In plain sight

How observation can help unearth insights on behaviors - and why that matters.

Photo by Nick Hillier on Unsplash

observation as a tool

If you're like me, the idea of observation makes you think field work. Hit-the-payment, people-watch-in-a-cafe kind of field work. And like me, you might be surprised to learn that's not the only way - and sometimes not even the most appropriate way - to practice observation.

Two especially underrated approaches? Virtual observation and participant observation.

Participant observation may seem odd at first - if you're participating in something, how can you be observing other people? And maybe the answer is you don't. What better way to understand the challenges and barriers of an experience then by going through it yourself?

Wait a minute, that sounds a lot like empathy... 💡! Connect the dots, and suddenly it all makes sense. In the design thinking framework, participant observation is a useful tool for understanding people better.

So what about virtual observation?

monkey see, monkey do

Halfway through a second virtual observation session, I was hit with déjà vu. I was viewing used textbooks on a Facebook group full of students trying to find affordable books for classes. 

It wasn't an unfamiliar situation - I'd been in their shoes, as both the seller and buyer, more than once. The only odd thing was I was spending 45+ minutes scrolling. (Full disclosure: that's 44+ minutes longer than I would have normally scrolled.)

What caught my attention was actually how normal it was to observe others. 

Observation informs our decisions and influences us - whether we also put a post in the group, how we interact with others in the group, and even the language we use. We take cues from others. 

For example, ISO and OBO were common terms used by the group's members meaning 'in search of' and 'or best offer,' respectively.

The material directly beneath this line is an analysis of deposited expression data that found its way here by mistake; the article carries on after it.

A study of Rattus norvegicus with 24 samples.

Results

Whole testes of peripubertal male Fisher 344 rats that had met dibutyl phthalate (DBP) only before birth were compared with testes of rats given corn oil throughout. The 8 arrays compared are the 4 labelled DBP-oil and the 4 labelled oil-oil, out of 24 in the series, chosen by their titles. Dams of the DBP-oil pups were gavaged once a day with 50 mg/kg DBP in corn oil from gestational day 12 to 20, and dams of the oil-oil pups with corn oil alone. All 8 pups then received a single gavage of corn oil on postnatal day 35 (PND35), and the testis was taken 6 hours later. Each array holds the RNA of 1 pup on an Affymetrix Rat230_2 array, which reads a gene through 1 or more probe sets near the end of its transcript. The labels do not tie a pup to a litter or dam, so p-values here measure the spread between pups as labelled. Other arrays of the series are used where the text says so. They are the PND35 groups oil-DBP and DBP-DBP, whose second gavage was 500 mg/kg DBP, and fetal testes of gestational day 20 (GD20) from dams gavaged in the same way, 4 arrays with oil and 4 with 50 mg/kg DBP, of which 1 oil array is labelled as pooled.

Realizing this insight brought me to another thought - virtual observation, in all its asynchronous glory, is a bit like time travel. It's almost a superpower to be able to see the most recent posts (live!) as well as posts from last May. I can see when people reach out, and if they ever get a response. I can see what gets sold, and what doesn't.

If I ever doubted observation as a valid research approach before, I don't anymore. Because I get it now - observation gives you the macro picture.

the limits of observation

The biggest frustration was only being able to guess at people's thoughts and motivations. Although tempting, I can't explain what I see - my own bias colors any assumptions and interpretations I make.

Still, the shortcomings of observation as a tool are by far more obvious than the advantages. That makes me think most people don't understand how to use observation as a tool. It's not meant for figuring what people are thinking - which is my natural instinct, to find the why - so much as it's meant for noting down what people are doing. 

And that doesn't seem powerful until we remember what people think and what people do aren't the same.

in sum -

  • Observation can happen anywhere. There's traditional physical locations to consider, but also online spaces (social media/apps) and experiences (either personally, or through photos/videos from willing volunteers).
  • What people say and what people do aren't always the same. Observation can help you see the big picture, especially with repeat behaviors and other patterns.
  • From patterns come themes! These themes are great next steps to pursue
In Snoop: What Your Stuff Says About You, Sam Gosling suggests that "three broad mechanisms — identity claims, feeling regulators, and behavioral residue — [...] connect people to the spaces that surround them."

While Gosling was mainly referring to physical spaces, his ideas apply to virtual spaces as well. People decorate their profiles, measure how they speak and what they post online, and filter their newsfeed to shape their experience of virtual spaces.

All of this suggests that, whether physically or online, there are endless clues hidden in plain sight.